What’s happening: The Biden administration told TikTok’s Chinese owners to sell their stake in the app or face a federal ban, though the CEO states that selling the app will not resolve security concerns. This marks a dramatic escalation of the federal government’s efforts to ban the app, following Congress’s bipartisan bill that would give President Joe Biden the powers necessary to do so.
Security concerns: TikTok and its Chinese parent company, ByteDance, have been the subject of increased security concerns in recent years over the amount of data the app collects from American users, data that’s accessible to the Chinese Communist Party under Chinese law. These issues have led Canada, Taiwan, and the European Union to ban the app in the public sector, with the U.K. coming around it. The U.S. has also banned it on certain government devices.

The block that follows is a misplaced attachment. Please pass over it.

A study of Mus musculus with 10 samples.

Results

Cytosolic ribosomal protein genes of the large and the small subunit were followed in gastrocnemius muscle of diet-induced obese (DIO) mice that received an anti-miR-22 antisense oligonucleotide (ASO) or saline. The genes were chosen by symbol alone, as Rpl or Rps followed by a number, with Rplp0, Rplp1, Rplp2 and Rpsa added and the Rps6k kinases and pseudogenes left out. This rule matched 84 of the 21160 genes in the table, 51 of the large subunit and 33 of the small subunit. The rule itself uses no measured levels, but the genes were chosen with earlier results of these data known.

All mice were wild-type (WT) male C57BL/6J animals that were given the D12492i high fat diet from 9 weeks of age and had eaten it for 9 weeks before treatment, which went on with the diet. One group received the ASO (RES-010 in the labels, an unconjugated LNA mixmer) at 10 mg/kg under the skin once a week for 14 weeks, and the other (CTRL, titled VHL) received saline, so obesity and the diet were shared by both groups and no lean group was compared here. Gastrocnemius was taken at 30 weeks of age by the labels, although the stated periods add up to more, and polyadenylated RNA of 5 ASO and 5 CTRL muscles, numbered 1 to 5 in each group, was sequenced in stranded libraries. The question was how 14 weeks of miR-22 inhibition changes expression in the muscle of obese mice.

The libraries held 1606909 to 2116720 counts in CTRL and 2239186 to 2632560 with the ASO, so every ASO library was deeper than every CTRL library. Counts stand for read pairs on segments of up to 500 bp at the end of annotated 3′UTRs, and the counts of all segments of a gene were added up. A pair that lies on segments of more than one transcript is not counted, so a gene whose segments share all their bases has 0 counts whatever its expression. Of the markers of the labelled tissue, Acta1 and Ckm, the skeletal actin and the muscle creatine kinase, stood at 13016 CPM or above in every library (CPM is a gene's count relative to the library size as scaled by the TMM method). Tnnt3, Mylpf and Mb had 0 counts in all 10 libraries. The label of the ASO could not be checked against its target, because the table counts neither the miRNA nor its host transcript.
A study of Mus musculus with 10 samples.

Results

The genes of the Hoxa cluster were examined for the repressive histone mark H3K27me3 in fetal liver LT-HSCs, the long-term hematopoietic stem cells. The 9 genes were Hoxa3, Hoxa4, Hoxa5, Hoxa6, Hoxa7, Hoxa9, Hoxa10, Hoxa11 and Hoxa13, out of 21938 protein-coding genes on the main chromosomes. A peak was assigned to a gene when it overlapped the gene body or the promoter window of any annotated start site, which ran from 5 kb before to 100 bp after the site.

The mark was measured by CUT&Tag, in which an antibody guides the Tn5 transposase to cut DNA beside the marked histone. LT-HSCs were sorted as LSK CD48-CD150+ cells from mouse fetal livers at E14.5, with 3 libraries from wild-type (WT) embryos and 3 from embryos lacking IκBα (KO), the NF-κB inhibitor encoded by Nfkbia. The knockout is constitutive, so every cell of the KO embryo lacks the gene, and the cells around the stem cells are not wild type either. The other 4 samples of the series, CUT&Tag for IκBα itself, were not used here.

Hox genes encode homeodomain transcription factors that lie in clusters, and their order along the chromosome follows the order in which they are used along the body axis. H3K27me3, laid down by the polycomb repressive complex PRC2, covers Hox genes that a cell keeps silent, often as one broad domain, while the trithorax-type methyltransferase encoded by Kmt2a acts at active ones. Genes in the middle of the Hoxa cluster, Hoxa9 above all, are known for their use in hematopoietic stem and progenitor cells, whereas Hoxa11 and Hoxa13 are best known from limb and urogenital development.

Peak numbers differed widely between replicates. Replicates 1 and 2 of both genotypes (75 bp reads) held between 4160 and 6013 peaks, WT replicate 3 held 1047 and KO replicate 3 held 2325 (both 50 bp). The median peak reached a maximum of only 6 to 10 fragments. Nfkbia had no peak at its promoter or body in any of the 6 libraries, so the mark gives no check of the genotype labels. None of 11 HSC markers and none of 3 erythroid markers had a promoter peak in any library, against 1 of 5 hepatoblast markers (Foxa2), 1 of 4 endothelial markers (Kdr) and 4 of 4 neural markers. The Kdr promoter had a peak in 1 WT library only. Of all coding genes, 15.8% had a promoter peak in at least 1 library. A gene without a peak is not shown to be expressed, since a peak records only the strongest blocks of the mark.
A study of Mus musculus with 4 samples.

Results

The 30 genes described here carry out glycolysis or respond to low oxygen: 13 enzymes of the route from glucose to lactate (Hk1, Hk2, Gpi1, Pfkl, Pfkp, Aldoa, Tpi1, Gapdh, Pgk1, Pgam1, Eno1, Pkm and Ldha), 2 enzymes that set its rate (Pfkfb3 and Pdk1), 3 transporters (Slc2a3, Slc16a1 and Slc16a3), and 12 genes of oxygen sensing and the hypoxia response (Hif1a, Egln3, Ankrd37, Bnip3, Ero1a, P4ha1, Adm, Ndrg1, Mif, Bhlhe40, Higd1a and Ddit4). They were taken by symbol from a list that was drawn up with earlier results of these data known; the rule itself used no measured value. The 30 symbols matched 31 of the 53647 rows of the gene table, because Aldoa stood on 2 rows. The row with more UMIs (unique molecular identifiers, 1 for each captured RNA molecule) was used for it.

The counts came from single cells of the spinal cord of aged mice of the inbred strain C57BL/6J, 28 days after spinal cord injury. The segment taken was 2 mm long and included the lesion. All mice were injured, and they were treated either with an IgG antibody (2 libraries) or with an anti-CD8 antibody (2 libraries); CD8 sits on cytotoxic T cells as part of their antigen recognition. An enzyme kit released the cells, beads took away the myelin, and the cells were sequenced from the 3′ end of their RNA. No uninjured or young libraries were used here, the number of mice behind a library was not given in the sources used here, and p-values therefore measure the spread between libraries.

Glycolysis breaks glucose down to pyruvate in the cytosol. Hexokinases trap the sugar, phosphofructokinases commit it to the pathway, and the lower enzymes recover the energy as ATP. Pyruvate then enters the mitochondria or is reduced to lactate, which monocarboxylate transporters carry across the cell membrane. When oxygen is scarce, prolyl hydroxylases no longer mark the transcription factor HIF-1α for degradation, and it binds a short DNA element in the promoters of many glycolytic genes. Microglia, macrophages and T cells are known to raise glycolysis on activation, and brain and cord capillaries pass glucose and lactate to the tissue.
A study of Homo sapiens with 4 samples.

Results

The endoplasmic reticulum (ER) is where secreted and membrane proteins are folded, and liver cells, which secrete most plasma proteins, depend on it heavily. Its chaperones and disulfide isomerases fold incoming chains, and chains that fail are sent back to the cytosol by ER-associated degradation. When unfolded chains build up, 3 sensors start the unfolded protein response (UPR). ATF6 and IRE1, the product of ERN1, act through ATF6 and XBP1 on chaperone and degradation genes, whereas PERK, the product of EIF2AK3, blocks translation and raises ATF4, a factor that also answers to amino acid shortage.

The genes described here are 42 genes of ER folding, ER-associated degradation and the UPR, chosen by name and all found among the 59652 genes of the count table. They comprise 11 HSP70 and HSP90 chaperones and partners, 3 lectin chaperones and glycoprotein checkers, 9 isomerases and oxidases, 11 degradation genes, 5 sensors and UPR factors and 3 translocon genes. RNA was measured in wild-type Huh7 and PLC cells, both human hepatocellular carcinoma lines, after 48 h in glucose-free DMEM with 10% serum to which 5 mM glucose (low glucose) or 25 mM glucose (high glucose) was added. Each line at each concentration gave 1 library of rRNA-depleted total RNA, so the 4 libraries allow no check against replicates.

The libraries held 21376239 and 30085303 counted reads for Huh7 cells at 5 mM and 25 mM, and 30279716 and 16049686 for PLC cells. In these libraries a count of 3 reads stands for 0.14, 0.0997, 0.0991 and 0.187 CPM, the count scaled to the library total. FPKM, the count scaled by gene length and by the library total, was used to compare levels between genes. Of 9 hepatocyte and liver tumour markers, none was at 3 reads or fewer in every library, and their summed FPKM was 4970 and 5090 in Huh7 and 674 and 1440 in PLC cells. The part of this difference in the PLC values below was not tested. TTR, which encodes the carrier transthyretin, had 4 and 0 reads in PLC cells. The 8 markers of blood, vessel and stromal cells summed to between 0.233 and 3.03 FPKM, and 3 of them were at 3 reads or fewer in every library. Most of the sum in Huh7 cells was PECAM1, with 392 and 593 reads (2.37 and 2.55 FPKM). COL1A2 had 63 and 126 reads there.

Poison algorithm for children: Twenty-five percent of the 65 million Americans using TikTok are between the ages of 10 and 19. In America, TikTok’s Chinese-controlled algorithm promotes sexual content, drugs, and alcohol to children. In China, TikTok usage for children is limited to only 40 minutes per day and shows children science experiments, educational videos, and patriotic content.
Between the lines: A TikTok ban would not only curb Chinese influence at home, but it would also significantly help the app’s biggest competitors, like Meta, who have been struggling to compete with TikTok’s success. Meta has extensively lobbied to expedite the ban, and Meta and Snapchat shares are already surging.